ABI data on policies in force shows the number of individual income protection policies has increased for the first time since 2007.

This data shows that in 2015, there were 1.15m individual income protection policies in force, a 2% increase compared to 1.13m in 2014.

This new data also revealed growth in the group income protection market with the number of people covered by their employer increasing by 3% on the previous year.

Raising awareness

The ABI said the market growth is likely to be down to the industry raising awareness and improving understanding of income protection, including the ABI’s work with the Money Advice Service and the 7 Families campaign.

Raluca Boroianu-Omura, head of protection and health at the ABI, stressed the importance of income protection, saying every year, 1 million workers find that they are unable to work due to ill health, and income protection can act as an essential safety net by paying a replacement income, but also helping people back into the workplace earlier with rehabilitation services.  

Boroianu-Omura said: “This new data is encouraging, but there is work to be done to improve the take up of income protection so more people can benefit.”

Commenting on the ABI's group income protection figures, Paul Avis, marketing director at Canada Life Group Insurance, told Life Insurance International there is still a massive amount of work to do as in his view there is a lack of industry alignment on how to grow the group protection market.  He also called for more awareness on low benefit level and the difficulty of obtaining state benefits.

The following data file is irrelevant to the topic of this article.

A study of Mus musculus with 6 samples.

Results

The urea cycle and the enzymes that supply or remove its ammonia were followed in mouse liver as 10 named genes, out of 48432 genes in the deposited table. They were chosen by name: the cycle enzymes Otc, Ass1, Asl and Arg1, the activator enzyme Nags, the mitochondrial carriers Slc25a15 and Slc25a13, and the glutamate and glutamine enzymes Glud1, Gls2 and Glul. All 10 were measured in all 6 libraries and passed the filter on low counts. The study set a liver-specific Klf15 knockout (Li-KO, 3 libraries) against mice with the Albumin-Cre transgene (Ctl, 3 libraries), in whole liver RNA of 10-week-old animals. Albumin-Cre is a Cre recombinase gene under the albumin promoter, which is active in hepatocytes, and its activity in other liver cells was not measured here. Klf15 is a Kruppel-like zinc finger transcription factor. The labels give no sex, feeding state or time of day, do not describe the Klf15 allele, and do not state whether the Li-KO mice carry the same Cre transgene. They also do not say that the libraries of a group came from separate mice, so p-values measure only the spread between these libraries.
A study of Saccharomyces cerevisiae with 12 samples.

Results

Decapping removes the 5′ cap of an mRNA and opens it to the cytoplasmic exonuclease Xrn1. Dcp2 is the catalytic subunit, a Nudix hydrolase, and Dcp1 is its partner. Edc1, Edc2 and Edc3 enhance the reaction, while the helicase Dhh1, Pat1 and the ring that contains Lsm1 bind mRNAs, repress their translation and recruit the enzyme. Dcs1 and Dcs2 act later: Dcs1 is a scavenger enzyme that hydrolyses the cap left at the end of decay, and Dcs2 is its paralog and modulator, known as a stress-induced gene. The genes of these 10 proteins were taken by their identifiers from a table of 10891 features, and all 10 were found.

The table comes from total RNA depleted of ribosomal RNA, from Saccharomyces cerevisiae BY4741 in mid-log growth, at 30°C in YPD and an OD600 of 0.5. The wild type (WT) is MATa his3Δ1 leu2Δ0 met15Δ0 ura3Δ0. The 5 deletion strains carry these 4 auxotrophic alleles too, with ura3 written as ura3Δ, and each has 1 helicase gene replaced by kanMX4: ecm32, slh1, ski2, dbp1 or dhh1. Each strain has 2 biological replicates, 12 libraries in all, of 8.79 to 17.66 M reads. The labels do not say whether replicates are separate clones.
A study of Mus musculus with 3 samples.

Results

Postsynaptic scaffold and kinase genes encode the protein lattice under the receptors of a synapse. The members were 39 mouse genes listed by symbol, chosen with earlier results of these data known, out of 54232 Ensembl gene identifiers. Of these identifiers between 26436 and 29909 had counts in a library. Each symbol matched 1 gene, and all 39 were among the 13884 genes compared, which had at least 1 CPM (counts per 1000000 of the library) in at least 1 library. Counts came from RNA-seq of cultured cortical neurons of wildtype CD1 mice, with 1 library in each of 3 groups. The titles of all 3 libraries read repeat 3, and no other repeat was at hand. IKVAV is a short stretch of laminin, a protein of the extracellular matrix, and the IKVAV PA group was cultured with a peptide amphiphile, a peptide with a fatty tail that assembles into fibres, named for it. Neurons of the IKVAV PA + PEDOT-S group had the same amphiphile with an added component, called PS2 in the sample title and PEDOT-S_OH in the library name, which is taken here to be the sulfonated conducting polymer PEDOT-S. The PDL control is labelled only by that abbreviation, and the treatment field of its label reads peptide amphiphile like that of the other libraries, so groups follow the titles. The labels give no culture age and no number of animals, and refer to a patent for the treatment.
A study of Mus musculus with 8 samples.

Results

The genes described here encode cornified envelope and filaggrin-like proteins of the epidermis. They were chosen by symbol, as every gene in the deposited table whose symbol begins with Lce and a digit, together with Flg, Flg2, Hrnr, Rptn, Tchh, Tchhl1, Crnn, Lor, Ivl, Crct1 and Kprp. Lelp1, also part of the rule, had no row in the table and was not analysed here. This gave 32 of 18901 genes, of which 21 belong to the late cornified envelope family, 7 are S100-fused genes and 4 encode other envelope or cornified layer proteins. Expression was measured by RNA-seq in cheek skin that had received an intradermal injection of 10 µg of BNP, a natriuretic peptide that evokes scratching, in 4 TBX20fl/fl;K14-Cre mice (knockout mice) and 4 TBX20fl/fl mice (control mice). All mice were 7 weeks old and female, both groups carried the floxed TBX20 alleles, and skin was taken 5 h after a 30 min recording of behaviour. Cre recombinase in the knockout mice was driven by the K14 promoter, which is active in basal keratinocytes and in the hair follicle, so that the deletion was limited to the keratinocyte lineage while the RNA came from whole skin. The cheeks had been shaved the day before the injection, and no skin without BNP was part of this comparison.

Jennifer Gilchrist, senior product development manager at Royal London, said the 7 Families campaign has highlighted to advisers the importance of income protection.

"It is encouraging to see that growth is going in the right direction. We [Royal London] are of the opinion that income protection is the cornerstone of all protection needs for people who are working."

Gilchrist said a challenge for income protection is that it is perceived to be complex and expensive.

She said: "At Royal London we are looking at how to make the product more engaging and easier to access for customer and adviser."